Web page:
In the early months of 1775 war clouds were gathering over the 13 colonies and patriotic fever was running high. One such patriot was from Charleston, South Carolina and his name was Christopher Gadsden.
Christopher was born in 1724 the son of Thomas Gadsden, who had been in the Royal Navy before becoming customs collector for the port of Charleston. Young Christopher quickly rose to prominence as a skilled merchant and ardent patriot.
When the Second Continental Congress opened in Philadelphia in May 1775 Christopher was a South Carolina delegate and member of the “Marine Committee”.
On October 13th of that year, George Washington as Commander in Chief of all Continental Forces, authorized the formation of a Continental Navy and appointed Esek Hopkins of Rhode Island as Commodore of the Navy.
The first warship commissioned in this new Navy was the 400 ton Alfred which was a converted merchant ship originally built in Philadelphia in 1774. Alfred became Hopkins flagship and outfitted with a crew of 220 officers and men.
Gadsden was a friend of Hopkins and just before Hopkins set sail on the Alfred, Gadsden presented him with a special flag he had designed. The flag featured a solid yellow background, a coiled rattlesnake with 13 rattles which represented the 13 colonies and the provocative words “Don’t Tread on Me”. Hopkins liked the flag and flew it aboard the Alfred when he set sail.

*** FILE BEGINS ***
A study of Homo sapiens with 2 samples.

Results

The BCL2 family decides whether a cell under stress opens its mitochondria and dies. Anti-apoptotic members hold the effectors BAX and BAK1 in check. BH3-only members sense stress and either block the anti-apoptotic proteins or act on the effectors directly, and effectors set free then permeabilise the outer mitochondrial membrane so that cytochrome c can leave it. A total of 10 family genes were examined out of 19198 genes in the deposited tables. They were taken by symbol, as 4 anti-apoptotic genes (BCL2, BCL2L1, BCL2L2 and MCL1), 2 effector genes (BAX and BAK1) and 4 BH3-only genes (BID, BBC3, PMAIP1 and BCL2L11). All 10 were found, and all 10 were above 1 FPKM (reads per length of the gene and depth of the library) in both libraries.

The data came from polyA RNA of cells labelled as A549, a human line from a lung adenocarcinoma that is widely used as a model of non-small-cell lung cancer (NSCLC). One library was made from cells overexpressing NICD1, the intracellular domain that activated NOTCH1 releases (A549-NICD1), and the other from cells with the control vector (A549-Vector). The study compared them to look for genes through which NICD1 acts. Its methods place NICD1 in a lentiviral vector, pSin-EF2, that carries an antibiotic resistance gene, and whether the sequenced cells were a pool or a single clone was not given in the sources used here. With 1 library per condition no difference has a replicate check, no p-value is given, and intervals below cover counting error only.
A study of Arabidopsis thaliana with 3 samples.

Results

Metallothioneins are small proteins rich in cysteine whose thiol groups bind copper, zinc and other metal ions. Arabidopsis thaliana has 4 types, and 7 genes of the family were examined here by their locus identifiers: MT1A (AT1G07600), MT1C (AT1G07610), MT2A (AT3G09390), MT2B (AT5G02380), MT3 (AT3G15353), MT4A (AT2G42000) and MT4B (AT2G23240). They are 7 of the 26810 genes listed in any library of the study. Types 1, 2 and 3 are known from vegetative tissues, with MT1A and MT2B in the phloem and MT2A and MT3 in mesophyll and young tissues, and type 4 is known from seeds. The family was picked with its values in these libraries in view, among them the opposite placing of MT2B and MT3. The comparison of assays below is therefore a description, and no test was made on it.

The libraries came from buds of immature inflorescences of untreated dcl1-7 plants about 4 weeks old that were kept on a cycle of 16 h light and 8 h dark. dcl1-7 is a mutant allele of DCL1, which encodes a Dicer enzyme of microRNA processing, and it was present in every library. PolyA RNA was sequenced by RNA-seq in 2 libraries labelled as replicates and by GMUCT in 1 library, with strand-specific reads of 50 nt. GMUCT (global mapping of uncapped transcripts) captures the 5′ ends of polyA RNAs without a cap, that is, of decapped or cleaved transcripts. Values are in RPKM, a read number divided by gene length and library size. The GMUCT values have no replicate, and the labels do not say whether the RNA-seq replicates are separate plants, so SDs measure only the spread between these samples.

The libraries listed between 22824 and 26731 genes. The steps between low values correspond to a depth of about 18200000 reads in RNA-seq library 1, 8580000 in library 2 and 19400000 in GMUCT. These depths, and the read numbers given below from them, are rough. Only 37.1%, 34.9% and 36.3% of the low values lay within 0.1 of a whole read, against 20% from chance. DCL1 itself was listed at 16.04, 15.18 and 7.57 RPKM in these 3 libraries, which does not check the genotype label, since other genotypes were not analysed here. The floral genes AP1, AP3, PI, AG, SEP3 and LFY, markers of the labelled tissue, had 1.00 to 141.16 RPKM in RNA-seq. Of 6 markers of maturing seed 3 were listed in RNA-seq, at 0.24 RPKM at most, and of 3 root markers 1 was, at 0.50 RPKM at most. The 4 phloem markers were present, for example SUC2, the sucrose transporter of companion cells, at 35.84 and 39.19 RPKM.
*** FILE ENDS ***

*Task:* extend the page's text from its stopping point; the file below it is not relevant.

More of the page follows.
This flag soon became immensely popular and at the time was widely known as the Gadsden Flag. In honesty, however, there were many variations of this flag before and after Gadsden’s design to include one by Hopkins. But today the flag is still very popular and still called the Gadsden Flag.
Gadsden was later appointed a Brigadier General in the Continental Army and taken prisoner by the British when they captured Charleston in May 1780. The British sent Gadsden and several other prisoners to their British East Florida headquarters at Fort St. Mark’s in St. Augustine, Florida.
At St. Augustine he was offered local parole, but declined and spent 42 weeks in solitary confinement at the fort.
After the war, Gadsden worked to rebuild his family’s business interests which had suffered during the war to include expanding what is known today as “Gadsden Wharf”. He also served in the South Carolina House of Representatives and in 1788 he voted for ratification of the United States Constitution. He died in Charleston from an accidental fall on August 28, 1805 and is buried there in St. Philip’s Churchyard.
His home still exists and is listed on the National Historic Register. His grandson, James Gadsden, is the architect of the famous 1853 Gadsden Purchase which made southern Arizona and southwest New Mexico part of the United States. James is also buried in St. Philip’s cemetery.
St. Philip’s church makes for a most interesting stop should you visit Charleston. Many historical figures are buried in the churchyard including Edward Rutledge signer of the Declaration of Independence and Charles Pinckney signer of the U.S. Constitution.
Also, the famous 1672 Spanish Castillo de San Marcos located in St. Augustine was called Fort St. Mark’s when the British controlled the the city during the Revolutionary War. When the United States took control of Florida in 1821, it was re-named Fort Marion. In the late 1800’s the fort was used to house dissident Native Americans from the Cheyenne, Comanche, Arapaho and Apache tribes. Today, the fort is a National Landmark and bears it’s original Spanish name of Castillo de San Marcos.